Remember the Sonic Runway at San Jose City Hall? It could be coming back.
Photo courtesy of the San Jose Office of Economic Development.

For nearly four months, more than a million people flocked to San Jose City Hall to catch a glimpse of the jaw-dropping “Sonic Runway,” a light-art installation that converted music into light patterns on 25 giant arches that stretched an entire city block.

The art installation was so wildly popular that city leaders are now looking to bring it back — for at least seven years. The City Council will vote next week on an agreement to build a long-term version of the Sonic Runway.

“Sonic Runway also became popular location for impromptu performances and photo shoots, including the announcement of the San Jose Earthquakes new player, and even a marriage proposal,” Economic Development Director Kim Walesh and Assistant Budget Director Jim Shannon wrote in a joint memo. “On Instagram alone it received over 3,000 tags.”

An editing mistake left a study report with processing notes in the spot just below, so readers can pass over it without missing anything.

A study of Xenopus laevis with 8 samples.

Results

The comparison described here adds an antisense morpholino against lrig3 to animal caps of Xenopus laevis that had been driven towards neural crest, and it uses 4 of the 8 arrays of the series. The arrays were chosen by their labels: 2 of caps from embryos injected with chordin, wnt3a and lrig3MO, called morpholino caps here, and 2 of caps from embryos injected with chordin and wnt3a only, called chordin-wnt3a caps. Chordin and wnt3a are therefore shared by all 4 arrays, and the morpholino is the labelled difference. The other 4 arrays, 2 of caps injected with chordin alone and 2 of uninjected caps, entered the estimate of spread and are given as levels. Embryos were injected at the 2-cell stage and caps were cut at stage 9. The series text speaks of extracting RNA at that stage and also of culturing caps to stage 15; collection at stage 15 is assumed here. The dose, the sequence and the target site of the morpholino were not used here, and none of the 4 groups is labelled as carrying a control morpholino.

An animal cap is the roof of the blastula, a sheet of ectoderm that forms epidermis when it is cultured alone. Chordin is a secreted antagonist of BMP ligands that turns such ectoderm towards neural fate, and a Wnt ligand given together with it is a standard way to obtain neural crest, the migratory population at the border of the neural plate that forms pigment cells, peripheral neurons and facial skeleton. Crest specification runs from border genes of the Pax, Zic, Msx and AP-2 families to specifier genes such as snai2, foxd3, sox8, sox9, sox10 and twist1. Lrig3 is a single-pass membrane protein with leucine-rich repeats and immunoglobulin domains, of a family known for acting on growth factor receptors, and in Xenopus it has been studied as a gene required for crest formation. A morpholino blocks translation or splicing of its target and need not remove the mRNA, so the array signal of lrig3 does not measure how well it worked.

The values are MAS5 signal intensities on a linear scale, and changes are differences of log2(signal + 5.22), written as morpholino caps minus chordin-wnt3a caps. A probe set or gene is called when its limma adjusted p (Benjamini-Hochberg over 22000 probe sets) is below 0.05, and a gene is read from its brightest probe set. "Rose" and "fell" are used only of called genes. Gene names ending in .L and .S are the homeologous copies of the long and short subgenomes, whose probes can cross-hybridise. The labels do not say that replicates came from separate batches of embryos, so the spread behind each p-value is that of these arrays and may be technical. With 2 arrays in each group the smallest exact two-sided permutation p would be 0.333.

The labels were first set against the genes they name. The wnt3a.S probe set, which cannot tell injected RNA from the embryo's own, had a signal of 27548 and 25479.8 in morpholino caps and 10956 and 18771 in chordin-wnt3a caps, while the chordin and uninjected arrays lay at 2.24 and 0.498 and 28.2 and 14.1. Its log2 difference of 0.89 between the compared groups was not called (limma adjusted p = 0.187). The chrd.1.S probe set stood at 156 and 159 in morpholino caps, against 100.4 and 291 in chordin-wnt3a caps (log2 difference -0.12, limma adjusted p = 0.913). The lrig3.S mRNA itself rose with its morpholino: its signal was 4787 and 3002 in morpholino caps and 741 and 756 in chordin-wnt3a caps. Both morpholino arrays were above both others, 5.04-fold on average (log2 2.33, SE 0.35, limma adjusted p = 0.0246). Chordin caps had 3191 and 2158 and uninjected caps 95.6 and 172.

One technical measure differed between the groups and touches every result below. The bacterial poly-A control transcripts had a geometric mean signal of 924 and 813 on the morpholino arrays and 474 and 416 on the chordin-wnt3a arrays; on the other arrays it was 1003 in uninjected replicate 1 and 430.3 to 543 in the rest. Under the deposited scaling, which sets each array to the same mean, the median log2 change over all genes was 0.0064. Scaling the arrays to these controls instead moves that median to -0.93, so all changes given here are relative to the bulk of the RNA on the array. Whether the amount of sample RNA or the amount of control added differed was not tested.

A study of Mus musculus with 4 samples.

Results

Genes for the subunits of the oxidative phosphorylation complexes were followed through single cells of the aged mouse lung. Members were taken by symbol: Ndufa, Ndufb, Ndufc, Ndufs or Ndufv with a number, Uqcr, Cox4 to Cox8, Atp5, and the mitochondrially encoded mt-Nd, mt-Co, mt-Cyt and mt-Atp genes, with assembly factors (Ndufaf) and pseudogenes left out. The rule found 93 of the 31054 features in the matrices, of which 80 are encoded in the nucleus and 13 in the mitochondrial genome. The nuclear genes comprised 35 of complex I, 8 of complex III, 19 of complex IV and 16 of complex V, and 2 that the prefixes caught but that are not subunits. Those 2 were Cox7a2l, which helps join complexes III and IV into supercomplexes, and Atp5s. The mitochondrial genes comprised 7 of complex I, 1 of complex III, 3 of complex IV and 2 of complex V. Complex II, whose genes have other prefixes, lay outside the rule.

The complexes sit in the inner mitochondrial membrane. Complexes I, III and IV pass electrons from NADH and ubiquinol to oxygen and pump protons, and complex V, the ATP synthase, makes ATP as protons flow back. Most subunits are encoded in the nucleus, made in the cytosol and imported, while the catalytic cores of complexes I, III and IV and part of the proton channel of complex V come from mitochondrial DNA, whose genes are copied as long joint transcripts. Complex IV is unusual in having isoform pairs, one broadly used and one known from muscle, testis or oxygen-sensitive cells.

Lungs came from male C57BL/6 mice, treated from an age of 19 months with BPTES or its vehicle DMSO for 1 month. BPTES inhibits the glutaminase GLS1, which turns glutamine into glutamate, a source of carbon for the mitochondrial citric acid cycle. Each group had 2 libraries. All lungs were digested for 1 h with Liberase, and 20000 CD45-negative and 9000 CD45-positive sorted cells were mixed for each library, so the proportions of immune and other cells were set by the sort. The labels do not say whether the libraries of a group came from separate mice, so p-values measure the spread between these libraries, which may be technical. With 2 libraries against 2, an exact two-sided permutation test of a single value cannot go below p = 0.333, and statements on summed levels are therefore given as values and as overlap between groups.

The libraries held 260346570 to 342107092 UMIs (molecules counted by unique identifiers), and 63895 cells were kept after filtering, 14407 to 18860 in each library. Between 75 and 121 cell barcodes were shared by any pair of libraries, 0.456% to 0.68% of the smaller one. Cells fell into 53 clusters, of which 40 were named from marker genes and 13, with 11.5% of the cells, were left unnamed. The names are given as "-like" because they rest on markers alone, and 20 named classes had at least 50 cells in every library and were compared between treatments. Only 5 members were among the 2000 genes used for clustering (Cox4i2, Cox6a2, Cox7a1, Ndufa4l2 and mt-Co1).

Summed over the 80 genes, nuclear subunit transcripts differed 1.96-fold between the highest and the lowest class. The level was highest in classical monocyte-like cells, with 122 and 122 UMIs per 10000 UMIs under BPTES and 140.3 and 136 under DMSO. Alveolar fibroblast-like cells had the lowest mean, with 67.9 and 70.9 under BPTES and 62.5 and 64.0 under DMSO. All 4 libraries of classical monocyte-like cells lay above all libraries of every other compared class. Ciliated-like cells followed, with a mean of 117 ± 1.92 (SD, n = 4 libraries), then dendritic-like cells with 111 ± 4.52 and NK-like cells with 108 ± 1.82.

The stunning art display, which first premiered at Burning Man Project in 2016, opened on the San Jose City Hall plaza on Nov. 3, 2017 and garnered an estimated 1.2 million visitations. More than 1,000 people showed up on opening night to sing and dance to the intricate light patterns that shot down the corridor of arches. The popular installation also drew live performances from choirs, mariachi bands and breakdancers and rock bands.

In response, Mayor Sam Liccardo along with Councilmembers Dev Davis and Raul Peralez, last year recommended looking at bringing the installation back to City Hall on a long-term basis. Earlier this year, the city began working with Zamboom, LLC to re-design Sonic Runway for a long-term installation of up to seven years.

“As part of the new version, the artist team have developed new state-of-the-art sound-responsive light patterns and will regularly update to lighting and sound programming, enabling ongoing new experiences for the public to enjoy,” Walesh and Shannon wrote.

The installation costs for the long-term project are not to exceed $500,000, city administrators said. If approved at the Aug. 13 City Council meeting, it will be installed in June 2020.